Lafayette and the surrounding area is a mix of American Indian, African American, English, French and Spanish culture. The area is situated in the region known as Southwest Louisiana. The Vermilion River runs through the city. Today, the city and parish are at the heart of Acadiana.
The earliest records label the area as the Attakapas and Opelousas districts named after the local Indian tribes. Before 1765, few Europeans settled in the area, mostly trappers and smugglers. By 1765, Acadians were arriving in New Orleans and the Spanish governor began settling them in the Lafayette area at St. Martinville and Opelousas. Both the French and Spanish officials granted lands freely along the bayous Carencro and Vermilion. Generally, the size of 6–8 arpents along the stream with a depth of 40 arpents. Two of the earliest settlers were Andrew Martin, Jean and Marin Mouton. It wasn't until Louisiana Governor William C. C. Claiborne created the counties of the Orleans Territory in 1805 did the Attakapas County exist.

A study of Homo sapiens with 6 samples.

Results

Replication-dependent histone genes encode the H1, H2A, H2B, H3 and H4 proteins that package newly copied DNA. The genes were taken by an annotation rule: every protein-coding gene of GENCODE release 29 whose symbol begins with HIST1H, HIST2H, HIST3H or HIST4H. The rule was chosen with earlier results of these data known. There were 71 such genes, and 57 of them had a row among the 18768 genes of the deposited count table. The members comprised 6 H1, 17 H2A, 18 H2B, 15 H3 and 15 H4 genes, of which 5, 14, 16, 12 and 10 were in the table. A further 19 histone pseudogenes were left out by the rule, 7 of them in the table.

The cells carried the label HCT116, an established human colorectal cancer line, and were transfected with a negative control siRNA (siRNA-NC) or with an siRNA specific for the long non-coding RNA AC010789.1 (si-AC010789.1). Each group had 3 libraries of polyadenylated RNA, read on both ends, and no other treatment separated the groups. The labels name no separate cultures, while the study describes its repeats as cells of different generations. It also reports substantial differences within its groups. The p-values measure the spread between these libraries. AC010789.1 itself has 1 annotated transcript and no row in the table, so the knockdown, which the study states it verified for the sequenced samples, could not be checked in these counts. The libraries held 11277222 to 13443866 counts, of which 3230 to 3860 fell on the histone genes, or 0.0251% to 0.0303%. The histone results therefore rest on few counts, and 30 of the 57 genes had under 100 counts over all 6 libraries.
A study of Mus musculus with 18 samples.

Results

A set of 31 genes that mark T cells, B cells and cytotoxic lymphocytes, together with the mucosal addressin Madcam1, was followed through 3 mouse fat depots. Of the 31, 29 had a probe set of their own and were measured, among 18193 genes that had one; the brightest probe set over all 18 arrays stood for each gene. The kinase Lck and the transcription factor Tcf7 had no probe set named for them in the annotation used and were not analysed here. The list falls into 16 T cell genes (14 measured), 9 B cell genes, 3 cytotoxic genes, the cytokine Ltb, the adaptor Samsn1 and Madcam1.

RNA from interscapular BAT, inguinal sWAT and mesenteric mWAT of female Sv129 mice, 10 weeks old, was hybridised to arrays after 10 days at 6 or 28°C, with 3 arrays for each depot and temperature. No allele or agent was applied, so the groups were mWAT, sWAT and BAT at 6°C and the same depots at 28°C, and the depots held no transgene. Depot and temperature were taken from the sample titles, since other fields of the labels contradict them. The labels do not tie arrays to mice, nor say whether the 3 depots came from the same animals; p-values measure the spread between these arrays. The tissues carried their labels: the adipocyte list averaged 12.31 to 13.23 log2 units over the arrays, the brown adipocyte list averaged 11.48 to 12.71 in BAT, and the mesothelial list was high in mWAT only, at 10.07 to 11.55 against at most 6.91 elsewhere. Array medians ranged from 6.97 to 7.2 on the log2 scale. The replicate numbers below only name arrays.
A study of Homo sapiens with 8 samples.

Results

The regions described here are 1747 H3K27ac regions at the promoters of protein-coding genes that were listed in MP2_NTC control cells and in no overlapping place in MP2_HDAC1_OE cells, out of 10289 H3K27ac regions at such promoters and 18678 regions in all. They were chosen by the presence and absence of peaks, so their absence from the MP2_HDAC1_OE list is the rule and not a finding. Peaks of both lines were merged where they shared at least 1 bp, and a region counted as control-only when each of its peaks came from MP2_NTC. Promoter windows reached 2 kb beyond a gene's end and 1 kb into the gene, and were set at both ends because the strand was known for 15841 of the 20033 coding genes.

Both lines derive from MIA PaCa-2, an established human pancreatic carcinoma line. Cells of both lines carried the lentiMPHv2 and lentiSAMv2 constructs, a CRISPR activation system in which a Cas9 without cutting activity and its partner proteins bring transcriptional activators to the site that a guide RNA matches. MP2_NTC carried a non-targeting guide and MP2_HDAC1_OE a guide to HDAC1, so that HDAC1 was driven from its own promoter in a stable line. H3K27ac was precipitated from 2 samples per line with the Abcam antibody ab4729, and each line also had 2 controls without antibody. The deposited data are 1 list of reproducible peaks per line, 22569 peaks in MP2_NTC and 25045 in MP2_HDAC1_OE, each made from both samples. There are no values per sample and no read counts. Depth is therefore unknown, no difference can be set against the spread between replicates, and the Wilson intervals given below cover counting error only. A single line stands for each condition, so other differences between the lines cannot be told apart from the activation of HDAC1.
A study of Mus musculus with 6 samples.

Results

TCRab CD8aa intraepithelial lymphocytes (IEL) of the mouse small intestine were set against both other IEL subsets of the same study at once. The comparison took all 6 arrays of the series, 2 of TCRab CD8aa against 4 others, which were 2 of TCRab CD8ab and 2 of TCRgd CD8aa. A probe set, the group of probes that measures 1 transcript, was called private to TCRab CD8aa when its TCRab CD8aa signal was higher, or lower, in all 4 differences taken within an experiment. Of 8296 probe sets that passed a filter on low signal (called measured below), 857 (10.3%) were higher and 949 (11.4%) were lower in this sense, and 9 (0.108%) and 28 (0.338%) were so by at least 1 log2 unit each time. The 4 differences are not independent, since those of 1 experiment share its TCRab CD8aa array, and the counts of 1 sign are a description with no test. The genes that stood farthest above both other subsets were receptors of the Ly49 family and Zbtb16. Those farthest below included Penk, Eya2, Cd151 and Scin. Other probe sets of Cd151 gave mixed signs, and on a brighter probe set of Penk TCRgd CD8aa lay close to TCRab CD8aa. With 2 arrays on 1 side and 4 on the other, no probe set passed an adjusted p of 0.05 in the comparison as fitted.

By 1811, the Attakapas Country was split into the St. Martin parish and the St. Mary parish. The original village which would become Lafayette, was laid out by Jean Mouton and his surveyor, John Dinsmore, Jr. in 1821 and was given the name "St. Jean du Vermilionville". Later, the name would be shortened to "Vermilionville". The boundaries were defined in an 1836 charter and later expanded in the 1869 charter.
In 1823, the Louisiana legislature divided St. Martin parish and created Lafayette Parish. The parish name Lafayette was chosen due to the enthusiasm of General Lafayette's visit to the United States. However, the city's name remained Vermilionville due to the fact that the name "Lafayette" was already given to a suburb of New Orleans. Eventually, in 1884, the suburb was incorporated into New Orleans and Vermilionville became Lafayette.